Judge Rakoff, Newman And Illegal Tipping
One of the questions regarding U.S. v. Newman, 773 F. 3d 438 (2nd Cir. 2014)(here) and its personal benefit test for illegal tipping is its application outside the Second Circuit. When applying Newman, Judge Rakoff has already attempted to distinguish SEC civil insider trading cases from criminal cases in SEC v. Payton, Civil Action No. 14 civ 4644 (S.D.N.Y. Opinion issued April 6, 2015)(here). Now the question is whether the Ninth Circuit in a criminal case applied a different personal benefit standard in U.S. v. Salman, No. 14-10204 (9th Cir. Filed July 6, 2015). Interestingly, the opinion for the Court was written by Judge Rakoff, sitting by designation.
Maher Kara joined Citigroup’s healthcare investment banking group in 2002. His brother-in-law is Defendant-Appellant Bassam Yacoub Salman. Over a period of years Maher began discussing information about his job with his brother Michael who traded on it.
The year after Maher began at Citigroup he became engaged to Mr. Salman’s sister, Saswan Salman. As the families became close, Michael began sharing the inside information with Mr. Salman who traded through the joint account of his wife’s sister and her husband, Karim Bayyouk. The profits were split. At one point Mr. Salman asked Michael where the information came from and was told.
Brothers Maher and Michael had a close and mutually beneficial relationship, according to the evidence. For example, Michael helped pay for Maher’s college and aided him in a number of other ways. At one point Michael called and asked for assistance with a debt. Maher refused to furnish him with cash but did give him inside information. Mr. Salaman was aware of this relationship, according to the evidence introduced at trial.
The jury found Mr. Salman guilty on one count of conspiracy and four counts of securities fraud. On appeal, Mr. Salman argued that the evidence was insufficient to meet the requirements of Newman. The Ninth Circuit affirmed.
The personal benefit requirement for tippee liability stems from Dirks v. SEC, 463U.S. 646 (1983), Judge Rakoff wrote for the Court. There the Court concluded that imposing a duty to disclose or abstain simply because the person knowingly received inside information “could have an inhibiting influence on the role of market analysts, which the SEC itself recognizes is necessary to the preservation of a healthy market.” (citations/internal quotes omitted). The Dirks Court then went on to hold that “’the test is whether the insider personally will benefit, directly or indirectly, from his disclosure,’” quoting Dirks at 662. In that case the insider has breached his fiduciary duty and the tippee is equally liable if “’the tippee knowns or should have known about that breach,’’ Id. at 660, i.e. knows of the personal benefit.” This applies equally to cases based on the misappropriation theory, the Court held.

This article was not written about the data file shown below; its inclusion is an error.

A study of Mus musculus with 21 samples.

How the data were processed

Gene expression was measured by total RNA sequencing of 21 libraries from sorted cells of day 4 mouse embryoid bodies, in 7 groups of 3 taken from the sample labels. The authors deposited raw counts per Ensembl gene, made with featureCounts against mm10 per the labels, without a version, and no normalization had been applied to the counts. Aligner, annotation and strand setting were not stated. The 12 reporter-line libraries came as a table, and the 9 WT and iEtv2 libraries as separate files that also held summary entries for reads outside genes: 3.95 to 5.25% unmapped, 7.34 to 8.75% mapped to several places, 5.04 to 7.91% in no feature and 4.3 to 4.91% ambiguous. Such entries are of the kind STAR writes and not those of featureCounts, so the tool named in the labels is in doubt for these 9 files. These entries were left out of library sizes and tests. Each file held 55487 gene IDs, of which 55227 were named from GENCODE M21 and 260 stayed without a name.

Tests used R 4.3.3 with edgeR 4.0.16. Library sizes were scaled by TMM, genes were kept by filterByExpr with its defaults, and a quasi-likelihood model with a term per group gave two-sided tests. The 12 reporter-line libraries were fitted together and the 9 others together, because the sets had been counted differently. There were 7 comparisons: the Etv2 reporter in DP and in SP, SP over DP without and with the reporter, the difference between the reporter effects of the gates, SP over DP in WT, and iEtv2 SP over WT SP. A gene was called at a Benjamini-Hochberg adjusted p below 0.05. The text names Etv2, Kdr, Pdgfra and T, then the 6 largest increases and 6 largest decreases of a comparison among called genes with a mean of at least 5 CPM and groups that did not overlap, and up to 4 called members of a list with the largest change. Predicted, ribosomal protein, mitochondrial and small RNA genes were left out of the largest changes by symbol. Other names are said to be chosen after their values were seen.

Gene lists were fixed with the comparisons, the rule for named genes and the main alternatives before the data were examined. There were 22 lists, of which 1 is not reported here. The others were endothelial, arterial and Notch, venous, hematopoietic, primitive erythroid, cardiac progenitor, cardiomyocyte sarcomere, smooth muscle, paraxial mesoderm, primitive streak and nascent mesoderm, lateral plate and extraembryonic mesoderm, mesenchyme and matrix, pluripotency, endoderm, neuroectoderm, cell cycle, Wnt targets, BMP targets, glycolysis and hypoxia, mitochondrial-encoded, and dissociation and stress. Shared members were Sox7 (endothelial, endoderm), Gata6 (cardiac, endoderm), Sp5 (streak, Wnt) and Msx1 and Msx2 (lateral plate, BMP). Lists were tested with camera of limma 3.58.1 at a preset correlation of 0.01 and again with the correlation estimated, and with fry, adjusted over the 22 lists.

Key here, Judge Rakoff wrote, is what constitutes a personal benefit. Quoting Dirks the Court held that it includes “a pecuniary gain or a reputational benefit that will translate into future earnings . . . [the]elements of fiduciary duty and exploitation of nonpublic information also exist when an insider makes a gift of confidential information to a trading relative or friend.” (emphasis omitted).
This statement from Dirks governs here, the Court held. Maher’s disclosures to Michael knowing that he intended to trade in the information is a Dirks gift to a relative. Maher testified he intended to give Michael a benefit. Michael testified that he told Mr. Salman the source of the information. In addition, “[g]iven the Kara brothers’ close relationship, Salman could readily have inferred Maher’s intent to benefit Michael. Thus, there can be no question that, under Dirks, the evidence was sufficient . . .”
Finally, Mr. Salman argued that “because there is no evidence that Maher received any such tangible benefit [as described in Newman] in exchange for the inside information, or that Salman knew of any such benefit, the Government failed to carry its burden.” The Court responded, stating: “To the extent Newman can be read to go so far, we decline to follow it.”
The analytical approach followed in Payton is tellingly absent here. There Judge Rakoff began by distinguishing between criminal and civil insider trading cases without citing any authority. He went on to draw – and many thing stretch to far – the evidence to reject a motion to dismiss an SEC insider trading case based on Newman. The Payton approach is not evident here.
Salman, like Newman, is built on Dirks. To establish tipping both require that there be a breach of fiduciary duty, a personal benefit and knowledge of those elements by the tippee. Both apply to the classic and misappropriation theories of insider trading. And, the Circuit Court did not parse or even attempt to delimit Newman directly. Rather, the Court carefully discussed only Dirks in reaching its conclusion, citing evidence that the tippees knew about the source of the information and the personal benefit.
Nevertheless, Salman is troubling. In rejecting Appellant’s contention about Newman, and stating “we decline to follow it,” the Court seems to have undercut its own factual findings on tipping which seem to track Newman while leaving open the actual meaning of the decision. The conflict Judge Rakoff penned into the Court’s opinion dilutes its impact, leaving the actual meaning of the decision at best unclear.